Perhaps no market has been more quickly “disrupted” than that of taxis and chauffeur-driven cars. Whatever you want to say about the company’s ethically challenged management, Uber has delivered a fantastic consumer experience all the way around and become a global phenomenon in a very short period of time (since 2010).
Uber is being fought in many countries and US municipalities. However Uber will probably ultimately win most of those fights. As an interesting aside, vested interests have always sought to use the state or legal apparatus to block new entrants when their markets and incomes were existentially threatened. This goes way back to the European Middle Ages.
Various government and private interests have aligned to try and fight Uber. Yet what is so threatening to the taxi industry is the fact that Uber is simply better, more pleasant, cleaner, more convenient and usually cheaper.
In March the New York Post, remarkably, announced that there were now more Uber cars driving in NYC than yellow cabs. Accordingly the market for taxi medallions in NYC has also taken a bit hit. This is essentially the taxi futures market.
The following chart shows the impact of ride-sharing services on the San Francisco Taxi industry:
Source: SF MTA/The Atlantic
We can certainly debate any or all of the following questions surrounding Uber:
- The ethics and m.o. of the company
- Whether Uber drivers are sufficiently background-checked and insured
- Whether drivers can actually make a living wage with Uber
- Whether, if Uber and its imitators win, the long term impact will be bad for drivers and ultimately for consumers
- Whether Uber, as a future public company, has staying power over the long term
I’m focused on the user-experience here, however. Heavily regulated and quasi-monopolistic, the taxi industry became complacent. The passenger-user was effectively an afterthought in most markets, especially in places like New York. Dealing with dispatchers in other markets was painful and you couldn’t ever be confident that the cab would actually show up.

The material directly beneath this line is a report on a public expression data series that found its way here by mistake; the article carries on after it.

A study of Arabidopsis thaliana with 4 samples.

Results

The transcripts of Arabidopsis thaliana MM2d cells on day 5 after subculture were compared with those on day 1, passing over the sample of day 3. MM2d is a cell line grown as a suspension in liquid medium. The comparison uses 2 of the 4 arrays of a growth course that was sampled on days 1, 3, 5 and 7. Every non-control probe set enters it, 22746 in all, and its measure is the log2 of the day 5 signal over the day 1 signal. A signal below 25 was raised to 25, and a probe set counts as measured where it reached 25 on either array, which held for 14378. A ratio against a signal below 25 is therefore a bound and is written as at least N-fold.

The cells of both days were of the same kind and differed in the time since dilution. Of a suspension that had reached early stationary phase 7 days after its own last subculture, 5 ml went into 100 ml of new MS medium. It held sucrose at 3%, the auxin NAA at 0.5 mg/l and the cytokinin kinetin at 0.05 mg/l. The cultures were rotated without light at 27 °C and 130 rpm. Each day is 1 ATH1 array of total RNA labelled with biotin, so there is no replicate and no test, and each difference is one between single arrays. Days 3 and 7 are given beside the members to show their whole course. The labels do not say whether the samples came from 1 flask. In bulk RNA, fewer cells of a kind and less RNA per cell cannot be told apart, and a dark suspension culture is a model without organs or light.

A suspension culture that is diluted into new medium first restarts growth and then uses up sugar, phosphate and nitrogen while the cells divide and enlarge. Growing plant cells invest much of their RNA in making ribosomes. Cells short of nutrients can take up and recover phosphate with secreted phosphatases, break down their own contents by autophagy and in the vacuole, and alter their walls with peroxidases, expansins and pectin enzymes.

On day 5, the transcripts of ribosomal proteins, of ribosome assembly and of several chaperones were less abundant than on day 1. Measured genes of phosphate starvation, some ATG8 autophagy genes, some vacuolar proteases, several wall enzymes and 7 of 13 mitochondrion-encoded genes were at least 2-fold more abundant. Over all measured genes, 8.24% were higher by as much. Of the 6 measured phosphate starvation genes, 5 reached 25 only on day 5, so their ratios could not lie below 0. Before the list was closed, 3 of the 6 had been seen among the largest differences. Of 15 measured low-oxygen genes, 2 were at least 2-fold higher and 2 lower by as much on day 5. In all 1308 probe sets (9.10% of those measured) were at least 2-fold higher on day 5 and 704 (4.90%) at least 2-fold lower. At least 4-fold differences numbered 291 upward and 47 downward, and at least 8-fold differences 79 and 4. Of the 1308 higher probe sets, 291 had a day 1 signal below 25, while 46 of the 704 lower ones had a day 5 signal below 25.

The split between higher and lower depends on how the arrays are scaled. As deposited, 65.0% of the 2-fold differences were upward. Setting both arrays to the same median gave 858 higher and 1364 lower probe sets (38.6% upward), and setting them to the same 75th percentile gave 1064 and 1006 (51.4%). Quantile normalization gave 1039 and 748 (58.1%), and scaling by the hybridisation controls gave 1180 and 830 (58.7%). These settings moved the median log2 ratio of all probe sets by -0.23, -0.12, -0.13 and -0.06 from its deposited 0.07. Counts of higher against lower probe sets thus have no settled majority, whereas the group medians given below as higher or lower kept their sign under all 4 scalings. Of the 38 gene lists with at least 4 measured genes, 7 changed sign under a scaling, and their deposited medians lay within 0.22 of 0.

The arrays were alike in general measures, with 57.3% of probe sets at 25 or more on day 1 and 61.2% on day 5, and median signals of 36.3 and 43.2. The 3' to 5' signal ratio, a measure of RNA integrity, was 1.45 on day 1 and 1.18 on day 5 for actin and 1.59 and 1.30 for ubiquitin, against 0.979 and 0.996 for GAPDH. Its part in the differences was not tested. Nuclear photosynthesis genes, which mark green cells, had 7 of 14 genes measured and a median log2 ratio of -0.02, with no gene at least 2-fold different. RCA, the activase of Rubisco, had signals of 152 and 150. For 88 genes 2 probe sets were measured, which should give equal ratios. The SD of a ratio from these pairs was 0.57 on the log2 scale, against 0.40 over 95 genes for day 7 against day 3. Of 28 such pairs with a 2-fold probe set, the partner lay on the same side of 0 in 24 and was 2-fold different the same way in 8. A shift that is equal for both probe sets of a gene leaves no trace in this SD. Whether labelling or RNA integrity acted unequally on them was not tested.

Indeed, the terrible experience of getting cabs in San Francisco inspired Uber:
Garrett’s big idea was cracking the horrible taxi problem in San Francisco — getting stranded on the streets of San Francisco is familiar territory for any San Franciscan.
The well-designed app and — this cannot be emphasized enough — the “payment in the background” made using Uber a radical improvement over cabs. After one Uber ride, generally you were hooked.
It’s possible, though unlikely, that the taxi industry will be able to recover and upgrade its service to match Uber. For example, Flywheel has tried to duplicate the app-based Uber experience but it’s a weak imitation. I’ve tried to use it several times but won’t any further.
Here’s a secondary point: if you’re an incumbent being disrupted you can’t simply create a “me-too” offering. You have to go beyond what the insurgent is doing. That may be effectively impossible in most industries where the culture and economics are typically stacked against creative innovation.
In some markets, such as Manhattan, taxis will undoubtedly survive. New Yorkers have fewer reasons to use Uber. However in most other places, such as San Francisco, the Uber experience is so much better, that it is decimating the existing industry.
In another sense Uber is a lesson in customer service and what providing a superior customer experience can do.